On Monday I joined a great friend, and photographer, Breezy Lucia for a trip to Pier 24 Photography. I don’t think I’d seen Breezy since I moved from Columbia years ago. We first met while we were in school together at the University of Missouri studying Fine Art Photography under the tutelage of Joe Johnson. There was no professor that affected me in such a positive way as Joe. Until his courses I did not look at photography as anything but a hobby. I shot photos, over-processed them and found myself more worried about having the best equipment than making the best art.
When I moved to San Francisco Joe told me that I had to go to Pier 24 Photography.
Pier 24 Photography is an exhibition space devoted to photography, which hosts rotating exhibitions and houses The Pilara Foundation Collection. Visitors experience an environment in which to view and quietly contemplate photography. By collaborating with photographers, educators, collectors and curators, we are able to share diverse ideas with the public. Through our partnerships with local institutions, we also work to advance the creation, scholarship and understanding of the photographic medium.
Somehow I managed to spend three years in San Francisco never making it to this free and incredible photography museum. If you’re in San Francisco, this is the first art museum you should think about visiting. Not only is it the largest photography museum in America, it is free, it only allows 20 people in at a time so it’s never crowded and the work they curate is out of this world stunning.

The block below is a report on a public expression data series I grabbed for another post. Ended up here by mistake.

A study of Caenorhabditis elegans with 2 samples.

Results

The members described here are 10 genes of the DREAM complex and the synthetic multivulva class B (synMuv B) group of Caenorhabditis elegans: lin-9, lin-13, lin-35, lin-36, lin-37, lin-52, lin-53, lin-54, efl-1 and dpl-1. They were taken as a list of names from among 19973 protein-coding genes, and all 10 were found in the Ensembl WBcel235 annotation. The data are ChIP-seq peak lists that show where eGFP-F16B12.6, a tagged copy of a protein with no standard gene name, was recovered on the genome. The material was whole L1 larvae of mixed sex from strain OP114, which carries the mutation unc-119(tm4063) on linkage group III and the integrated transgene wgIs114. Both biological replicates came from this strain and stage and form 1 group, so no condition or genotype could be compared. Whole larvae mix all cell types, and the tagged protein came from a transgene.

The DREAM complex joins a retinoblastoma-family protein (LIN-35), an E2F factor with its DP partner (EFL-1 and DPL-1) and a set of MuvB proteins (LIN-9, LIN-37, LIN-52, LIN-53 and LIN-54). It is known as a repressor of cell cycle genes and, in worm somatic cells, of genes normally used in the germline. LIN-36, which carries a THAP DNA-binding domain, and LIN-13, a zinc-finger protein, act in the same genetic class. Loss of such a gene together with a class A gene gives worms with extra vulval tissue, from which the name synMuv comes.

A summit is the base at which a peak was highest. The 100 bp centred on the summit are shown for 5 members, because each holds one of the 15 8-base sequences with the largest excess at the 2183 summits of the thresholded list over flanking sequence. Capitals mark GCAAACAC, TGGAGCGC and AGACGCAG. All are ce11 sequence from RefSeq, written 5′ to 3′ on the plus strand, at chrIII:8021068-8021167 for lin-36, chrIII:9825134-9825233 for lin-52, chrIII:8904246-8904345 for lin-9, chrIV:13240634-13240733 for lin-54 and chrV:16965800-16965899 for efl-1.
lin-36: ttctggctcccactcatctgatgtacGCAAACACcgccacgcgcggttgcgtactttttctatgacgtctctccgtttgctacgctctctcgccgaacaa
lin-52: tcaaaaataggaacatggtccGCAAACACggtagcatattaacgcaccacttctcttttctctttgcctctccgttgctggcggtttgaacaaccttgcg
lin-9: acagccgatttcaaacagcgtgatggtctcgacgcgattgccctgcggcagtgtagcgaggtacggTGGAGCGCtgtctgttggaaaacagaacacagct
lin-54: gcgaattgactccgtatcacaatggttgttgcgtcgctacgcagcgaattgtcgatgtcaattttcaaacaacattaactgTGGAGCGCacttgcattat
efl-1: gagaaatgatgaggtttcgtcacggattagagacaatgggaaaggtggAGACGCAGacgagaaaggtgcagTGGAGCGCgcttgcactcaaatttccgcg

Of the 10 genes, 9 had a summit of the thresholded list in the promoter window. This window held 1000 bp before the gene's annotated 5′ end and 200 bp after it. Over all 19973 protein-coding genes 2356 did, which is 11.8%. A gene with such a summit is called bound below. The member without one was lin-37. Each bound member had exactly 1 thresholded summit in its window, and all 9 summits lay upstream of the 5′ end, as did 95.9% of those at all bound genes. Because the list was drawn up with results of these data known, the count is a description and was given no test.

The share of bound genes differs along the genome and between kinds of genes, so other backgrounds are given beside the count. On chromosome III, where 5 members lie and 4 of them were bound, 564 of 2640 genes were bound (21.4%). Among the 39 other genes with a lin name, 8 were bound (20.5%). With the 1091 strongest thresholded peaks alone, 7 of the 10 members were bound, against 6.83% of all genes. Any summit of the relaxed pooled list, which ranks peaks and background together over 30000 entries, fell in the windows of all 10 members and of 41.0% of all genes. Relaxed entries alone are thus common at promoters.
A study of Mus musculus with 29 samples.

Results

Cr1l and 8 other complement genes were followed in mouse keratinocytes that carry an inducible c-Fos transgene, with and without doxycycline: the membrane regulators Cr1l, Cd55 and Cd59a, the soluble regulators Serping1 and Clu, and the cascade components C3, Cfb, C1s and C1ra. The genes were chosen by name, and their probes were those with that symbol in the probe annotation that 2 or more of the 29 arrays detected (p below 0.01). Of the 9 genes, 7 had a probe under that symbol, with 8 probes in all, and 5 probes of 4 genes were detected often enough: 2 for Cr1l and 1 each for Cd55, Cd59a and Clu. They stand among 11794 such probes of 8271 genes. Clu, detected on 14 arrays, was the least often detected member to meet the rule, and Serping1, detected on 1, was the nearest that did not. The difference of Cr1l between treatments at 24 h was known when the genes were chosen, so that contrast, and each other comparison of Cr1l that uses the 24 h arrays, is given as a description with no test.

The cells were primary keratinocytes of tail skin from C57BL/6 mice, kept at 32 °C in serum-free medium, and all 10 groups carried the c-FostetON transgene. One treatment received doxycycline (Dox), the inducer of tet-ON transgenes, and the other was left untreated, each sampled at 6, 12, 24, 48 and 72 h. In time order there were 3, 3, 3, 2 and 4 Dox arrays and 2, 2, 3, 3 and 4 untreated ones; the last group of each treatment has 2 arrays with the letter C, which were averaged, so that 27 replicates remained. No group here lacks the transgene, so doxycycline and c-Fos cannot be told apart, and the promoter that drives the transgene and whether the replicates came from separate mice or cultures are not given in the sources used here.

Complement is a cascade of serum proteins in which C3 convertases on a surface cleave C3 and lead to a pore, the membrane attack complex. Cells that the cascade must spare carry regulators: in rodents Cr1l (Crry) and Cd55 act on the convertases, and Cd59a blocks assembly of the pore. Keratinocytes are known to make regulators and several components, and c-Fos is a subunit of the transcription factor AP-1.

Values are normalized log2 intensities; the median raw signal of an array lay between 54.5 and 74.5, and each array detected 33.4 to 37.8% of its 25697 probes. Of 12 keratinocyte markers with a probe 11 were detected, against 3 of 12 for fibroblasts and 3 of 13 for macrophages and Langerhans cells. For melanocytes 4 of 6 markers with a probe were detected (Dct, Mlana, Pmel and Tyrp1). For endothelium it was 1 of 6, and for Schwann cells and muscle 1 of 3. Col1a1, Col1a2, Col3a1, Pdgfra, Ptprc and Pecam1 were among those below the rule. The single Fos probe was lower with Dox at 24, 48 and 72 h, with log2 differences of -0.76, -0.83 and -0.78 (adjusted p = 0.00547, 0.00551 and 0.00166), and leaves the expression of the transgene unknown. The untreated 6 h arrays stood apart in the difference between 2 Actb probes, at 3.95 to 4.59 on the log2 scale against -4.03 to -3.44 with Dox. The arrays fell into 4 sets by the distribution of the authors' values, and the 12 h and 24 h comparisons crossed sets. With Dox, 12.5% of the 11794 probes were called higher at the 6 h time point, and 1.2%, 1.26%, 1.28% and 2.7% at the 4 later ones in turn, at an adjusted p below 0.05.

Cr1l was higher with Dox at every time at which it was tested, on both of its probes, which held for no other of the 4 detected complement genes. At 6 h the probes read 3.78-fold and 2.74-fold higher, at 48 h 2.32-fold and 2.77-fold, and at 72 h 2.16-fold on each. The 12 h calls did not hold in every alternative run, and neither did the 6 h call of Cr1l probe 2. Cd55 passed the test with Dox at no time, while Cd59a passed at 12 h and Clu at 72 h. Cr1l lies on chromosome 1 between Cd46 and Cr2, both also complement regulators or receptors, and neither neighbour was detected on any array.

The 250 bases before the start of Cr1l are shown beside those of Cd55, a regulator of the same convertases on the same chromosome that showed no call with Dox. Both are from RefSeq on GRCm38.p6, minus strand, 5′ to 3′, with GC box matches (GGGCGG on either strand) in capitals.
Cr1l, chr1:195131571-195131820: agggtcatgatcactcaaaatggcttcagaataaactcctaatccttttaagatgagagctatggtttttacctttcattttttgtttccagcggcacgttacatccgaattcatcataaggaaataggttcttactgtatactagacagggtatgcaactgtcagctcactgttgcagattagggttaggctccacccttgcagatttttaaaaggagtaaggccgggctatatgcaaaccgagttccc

Joe told Breezy to force me to go with her to the museum. She made our appointment and we headed to Pier 24 for a two hour tour of the most impressive photography I’ve seen in person.
After the time at the museum Breezy and I took a few minutes to take pictures just outside of Pier 24. I took this photo which is actually a stitching of five photos into a single, almost square, image. I almost only ever have a 50mm lens on my Nikon D700, fitting the scene of this bridge into a single image would have been otherwise impossible.
I’m happy with how it came out. One of the benefits of shooting with a 50mm into a panorama is that it gives you so many more pixels to play with. This photo is 50 megapixels instead of 12. That’s a ton of pixels, and makes it clock in at just under 1 gigabyte, which is one massive file considering it’s just one photo.